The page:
Ginger is found to reduce nausea

By Shari Roan
Los Angeles Times / May 15, 2009

Simply adding a teaspoon of ginger to food consumed in the days before, during, and after chemotherapy can reduce the often debilitating side effects of nausea and vomiting, a large, randomized clinical trial has found. And a newer type of antinausea drug, when added to standard medications, can help prevent such side effects as well.

The ginger results will be presented later this month at the American Society of Clinical Oncology's annual meeting; the drug study was published this week in The Lancet Oncology.

The findings are significant, cancer specialists said, because about 70 percent of chemotherapy patients experience nausea and vomiting during treatment.

"Chemotherapy has come to be the thing cancer patients fear the most," said Dr. Steven Grunberg, a professor of medicine at the University of Vermont and lead author of the study. "We've made a huge amount of progress, but we haven't completely solved the problem."

In the ginger study, 644 patients, most of them female, from 23 oncology practices throughout the United States received two standard antiemetic medications at the time of chemotherapy. They also were given capsules containing either 0.5 gram, 1 gram, or 1.5 grams of ginger, or placebo capsules. The patients took the capsules containing the placebo or ginger for three days before chemotherapy and three days after the treatment.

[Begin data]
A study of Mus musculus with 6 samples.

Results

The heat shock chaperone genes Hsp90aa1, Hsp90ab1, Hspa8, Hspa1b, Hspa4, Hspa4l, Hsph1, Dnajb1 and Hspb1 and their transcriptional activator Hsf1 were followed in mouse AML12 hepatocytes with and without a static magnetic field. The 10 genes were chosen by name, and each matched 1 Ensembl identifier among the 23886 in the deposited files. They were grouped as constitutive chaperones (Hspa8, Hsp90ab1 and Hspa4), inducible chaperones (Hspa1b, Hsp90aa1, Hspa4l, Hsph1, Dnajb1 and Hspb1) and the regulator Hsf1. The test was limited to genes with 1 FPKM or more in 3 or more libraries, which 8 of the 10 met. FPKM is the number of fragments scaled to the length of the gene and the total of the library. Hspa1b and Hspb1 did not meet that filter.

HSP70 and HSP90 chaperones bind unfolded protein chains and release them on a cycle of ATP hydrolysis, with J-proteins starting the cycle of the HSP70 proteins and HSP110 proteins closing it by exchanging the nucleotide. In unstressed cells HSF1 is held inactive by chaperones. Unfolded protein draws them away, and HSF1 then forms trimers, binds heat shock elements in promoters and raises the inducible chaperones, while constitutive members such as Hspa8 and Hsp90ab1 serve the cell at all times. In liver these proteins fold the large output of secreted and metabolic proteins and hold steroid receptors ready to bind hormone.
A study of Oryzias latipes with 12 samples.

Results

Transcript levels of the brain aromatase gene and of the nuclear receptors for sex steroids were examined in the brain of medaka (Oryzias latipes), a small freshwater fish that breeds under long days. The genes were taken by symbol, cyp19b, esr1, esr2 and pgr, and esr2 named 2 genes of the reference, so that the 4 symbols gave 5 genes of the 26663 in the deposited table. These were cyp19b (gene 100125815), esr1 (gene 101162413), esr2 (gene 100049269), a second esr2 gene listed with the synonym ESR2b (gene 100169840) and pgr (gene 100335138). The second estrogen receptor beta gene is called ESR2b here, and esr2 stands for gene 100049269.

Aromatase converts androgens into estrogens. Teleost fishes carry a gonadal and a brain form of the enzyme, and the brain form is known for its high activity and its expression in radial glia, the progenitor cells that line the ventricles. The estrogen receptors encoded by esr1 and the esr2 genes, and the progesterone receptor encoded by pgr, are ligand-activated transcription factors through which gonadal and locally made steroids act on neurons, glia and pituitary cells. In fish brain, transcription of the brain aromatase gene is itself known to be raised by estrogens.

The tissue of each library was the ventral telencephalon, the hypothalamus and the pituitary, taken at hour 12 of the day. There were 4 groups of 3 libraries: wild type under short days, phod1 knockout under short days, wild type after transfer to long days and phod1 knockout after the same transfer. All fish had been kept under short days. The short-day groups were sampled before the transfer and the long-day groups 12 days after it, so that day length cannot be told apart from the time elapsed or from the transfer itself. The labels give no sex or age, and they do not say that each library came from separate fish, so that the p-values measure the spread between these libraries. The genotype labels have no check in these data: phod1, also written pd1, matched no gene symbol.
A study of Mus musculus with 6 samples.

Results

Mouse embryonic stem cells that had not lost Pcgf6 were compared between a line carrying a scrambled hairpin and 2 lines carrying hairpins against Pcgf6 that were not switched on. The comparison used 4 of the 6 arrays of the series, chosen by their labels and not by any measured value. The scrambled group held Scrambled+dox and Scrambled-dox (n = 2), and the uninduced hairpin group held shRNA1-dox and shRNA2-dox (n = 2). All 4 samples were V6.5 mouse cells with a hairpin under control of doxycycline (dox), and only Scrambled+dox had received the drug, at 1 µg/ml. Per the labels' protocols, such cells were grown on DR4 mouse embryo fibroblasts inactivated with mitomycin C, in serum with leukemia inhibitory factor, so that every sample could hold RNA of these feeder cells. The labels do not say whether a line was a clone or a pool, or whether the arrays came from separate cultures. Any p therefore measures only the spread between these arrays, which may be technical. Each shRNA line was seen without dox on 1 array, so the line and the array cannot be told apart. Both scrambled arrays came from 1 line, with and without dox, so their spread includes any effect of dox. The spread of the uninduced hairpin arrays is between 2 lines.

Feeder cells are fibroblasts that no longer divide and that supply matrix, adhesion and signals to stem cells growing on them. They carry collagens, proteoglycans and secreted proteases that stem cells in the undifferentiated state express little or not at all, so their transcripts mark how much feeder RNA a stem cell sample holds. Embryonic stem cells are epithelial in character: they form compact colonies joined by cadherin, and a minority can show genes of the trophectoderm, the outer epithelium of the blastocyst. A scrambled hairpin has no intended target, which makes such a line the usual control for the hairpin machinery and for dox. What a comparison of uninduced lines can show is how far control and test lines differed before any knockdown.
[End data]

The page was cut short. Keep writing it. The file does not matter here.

All of the patients receiving ginger experienced less nausea for four days after chemotherapy, said study lead author Julie L. Ryan of the University of Rochester Medical Center. Doses of 0.5 gram and 1 gram were the most effective, reducing nausea by 40 percent compared with the patients taking the placebo.

The study is the largest so far to examine the effect of ginger, already widely used as a home remedy for an upset stomach. One gram of ginger is equivalent to about one teaspoon. Ryan cautioned that some foods labeled as ginger, such as ginger ale, might contain only ginger flavoring.

Researchers don't know why ginger helps, Ryan said. But she added: "There is other research showing it has a potent antiinflammatory effect in the gut."